Reform Your Faith, Don’t Deconstruct It By ALAN SHLEMON for The Stream
I’ve had doubts about my faith. I’m guessing you’ve had them as well. No one is immune to wondering whether their convictions about Christianity are true. It’s a common human experience that is acknowledged in Scripture.
A Trendy New Approach to Doubting
Recently, however, there’s been a trendy new approach to doubting called “deconstruction.” It’s billed as an honest and intellectual exercise of asking questions about your faith and jettisoning some previously held beliefs. Many deconstruction advocates suggest that it’s simply about reforming your faith. They cite the Reformation’s cry of semper reformanda, which means “always reforming,” and claim their efforts are no different from what Martin Luther did during the Protestant Reformation or what Jesus did when he rebutted the unbiblical elements of the Pharisees’ faith.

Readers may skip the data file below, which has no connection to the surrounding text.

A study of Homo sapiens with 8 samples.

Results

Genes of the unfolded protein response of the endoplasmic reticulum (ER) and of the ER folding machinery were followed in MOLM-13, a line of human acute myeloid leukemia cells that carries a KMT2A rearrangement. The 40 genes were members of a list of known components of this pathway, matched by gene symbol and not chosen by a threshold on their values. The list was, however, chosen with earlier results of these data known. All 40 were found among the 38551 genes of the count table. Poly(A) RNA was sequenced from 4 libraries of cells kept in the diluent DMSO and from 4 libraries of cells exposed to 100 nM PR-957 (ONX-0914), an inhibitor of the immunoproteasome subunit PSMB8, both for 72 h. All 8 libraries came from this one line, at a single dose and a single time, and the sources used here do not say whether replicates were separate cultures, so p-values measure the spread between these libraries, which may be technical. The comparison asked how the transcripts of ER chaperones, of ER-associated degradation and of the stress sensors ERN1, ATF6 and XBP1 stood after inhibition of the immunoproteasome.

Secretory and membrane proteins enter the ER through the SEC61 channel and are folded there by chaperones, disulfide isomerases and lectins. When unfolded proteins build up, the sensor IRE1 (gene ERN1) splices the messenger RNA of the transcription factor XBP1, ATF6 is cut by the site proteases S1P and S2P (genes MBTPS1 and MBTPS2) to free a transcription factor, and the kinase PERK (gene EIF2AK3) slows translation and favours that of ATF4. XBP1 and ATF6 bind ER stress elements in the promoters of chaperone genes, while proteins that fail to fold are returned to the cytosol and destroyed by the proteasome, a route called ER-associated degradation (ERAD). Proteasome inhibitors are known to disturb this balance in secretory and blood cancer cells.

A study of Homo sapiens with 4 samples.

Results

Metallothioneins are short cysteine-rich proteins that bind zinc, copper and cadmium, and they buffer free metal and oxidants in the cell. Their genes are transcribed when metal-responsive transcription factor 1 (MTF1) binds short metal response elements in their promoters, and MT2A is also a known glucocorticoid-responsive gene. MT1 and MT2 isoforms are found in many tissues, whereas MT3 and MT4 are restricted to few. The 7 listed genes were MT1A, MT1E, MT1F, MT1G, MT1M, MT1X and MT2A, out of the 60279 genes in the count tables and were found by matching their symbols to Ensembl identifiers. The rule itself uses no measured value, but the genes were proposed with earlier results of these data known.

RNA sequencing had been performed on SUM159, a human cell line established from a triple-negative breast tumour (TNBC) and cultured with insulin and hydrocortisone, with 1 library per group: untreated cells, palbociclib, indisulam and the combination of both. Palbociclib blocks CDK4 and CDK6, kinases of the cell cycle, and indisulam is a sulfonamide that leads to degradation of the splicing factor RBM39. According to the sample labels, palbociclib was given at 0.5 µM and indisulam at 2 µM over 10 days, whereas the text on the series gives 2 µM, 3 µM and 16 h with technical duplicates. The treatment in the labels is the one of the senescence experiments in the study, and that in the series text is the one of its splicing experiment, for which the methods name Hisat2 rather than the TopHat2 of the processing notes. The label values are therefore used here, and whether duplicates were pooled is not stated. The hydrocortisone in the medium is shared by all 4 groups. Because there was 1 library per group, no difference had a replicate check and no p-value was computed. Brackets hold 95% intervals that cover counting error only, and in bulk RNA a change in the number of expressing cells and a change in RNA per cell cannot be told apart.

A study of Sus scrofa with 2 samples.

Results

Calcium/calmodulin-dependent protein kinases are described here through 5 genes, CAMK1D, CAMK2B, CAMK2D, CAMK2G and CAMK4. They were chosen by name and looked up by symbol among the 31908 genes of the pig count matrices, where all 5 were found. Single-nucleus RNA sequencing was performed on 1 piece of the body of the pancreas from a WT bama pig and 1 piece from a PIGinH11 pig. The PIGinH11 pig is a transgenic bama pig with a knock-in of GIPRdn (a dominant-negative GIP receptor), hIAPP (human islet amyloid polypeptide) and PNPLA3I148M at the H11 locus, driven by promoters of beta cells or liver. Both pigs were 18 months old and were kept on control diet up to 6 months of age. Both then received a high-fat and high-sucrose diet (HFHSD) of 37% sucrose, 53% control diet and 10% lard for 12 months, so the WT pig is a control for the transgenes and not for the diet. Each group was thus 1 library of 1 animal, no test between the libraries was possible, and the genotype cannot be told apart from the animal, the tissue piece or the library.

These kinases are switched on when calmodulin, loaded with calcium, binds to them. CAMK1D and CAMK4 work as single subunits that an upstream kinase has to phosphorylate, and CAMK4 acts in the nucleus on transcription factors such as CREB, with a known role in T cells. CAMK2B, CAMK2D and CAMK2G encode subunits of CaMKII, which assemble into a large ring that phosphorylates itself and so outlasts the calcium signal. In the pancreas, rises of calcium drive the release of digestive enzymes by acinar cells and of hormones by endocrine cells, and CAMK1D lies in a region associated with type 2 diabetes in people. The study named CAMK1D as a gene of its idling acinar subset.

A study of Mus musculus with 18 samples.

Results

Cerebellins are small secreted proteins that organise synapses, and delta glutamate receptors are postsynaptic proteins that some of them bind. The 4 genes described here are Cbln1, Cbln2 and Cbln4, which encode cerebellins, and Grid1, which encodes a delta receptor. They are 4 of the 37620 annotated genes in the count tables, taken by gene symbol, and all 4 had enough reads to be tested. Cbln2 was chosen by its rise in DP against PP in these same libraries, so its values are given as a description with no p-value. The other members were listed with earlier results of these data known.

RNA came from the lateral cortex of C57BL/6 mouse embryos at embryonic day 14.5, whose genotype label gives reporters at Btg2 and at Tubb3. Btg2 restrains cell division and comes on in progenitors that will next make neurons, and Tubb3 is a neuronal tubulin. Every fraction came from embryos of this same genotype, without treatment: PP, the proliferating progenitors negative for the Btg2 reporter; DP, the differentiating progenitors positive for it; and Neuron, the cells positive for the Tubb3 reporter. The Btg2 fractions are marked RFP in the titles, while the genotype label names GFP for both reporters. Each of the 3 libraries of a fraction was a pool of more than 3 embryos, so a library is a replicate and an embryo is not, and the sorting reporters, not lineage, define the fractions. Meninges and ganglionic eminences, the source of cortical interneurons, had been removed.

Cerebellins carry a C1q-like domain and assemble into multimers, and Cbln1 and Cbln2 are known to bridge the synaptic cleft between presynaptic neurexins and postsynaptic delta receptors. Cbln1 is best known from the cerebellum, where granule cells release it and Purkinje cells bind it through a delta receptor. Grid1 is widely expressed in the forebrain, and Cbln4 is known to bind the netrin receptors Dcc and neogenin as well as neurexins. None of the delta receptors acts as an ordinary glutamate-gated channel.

There’s a fatal flaw with deconstruction, though. It should be disqualified from being a viable option for Christians because it’s missing an essential component: the standard of Scripture. Absent from the definition of deconstruction is the requirement to examine and adjust your faith according to a biblical standard. That’s why, despite some deconstructionists’ insistence, deconstructing your faith is not the same as reforming your faith.
The Standard of Scripture
Deconstruction is the process of rethinking your faith without requiring Scripture as a standard. By contrast, reforming is the process of correcting mistaken aspects of your faith by aligning them with Scripture. Notice the key element that distinguishes between the two: the standard of Scripture. That’s because change, absent of a standard, is not reforming. There’s no direction. You’re not moving towards a particular destination. Your movement can be in any direction. It’s just change for the sake of change. That’s not reforming.
If you want to reform something, you move it towards a standard. If you’re reforming employee behavior, you’re changing it towards the company’s policy standards. If you’re reforming a society — like Martin Luther King, Jr. did — then you’re moving it towards the standard of equality set in the United States’ founding documents. If you’re reforming your morality, it’s towards a standard of perfect behavior.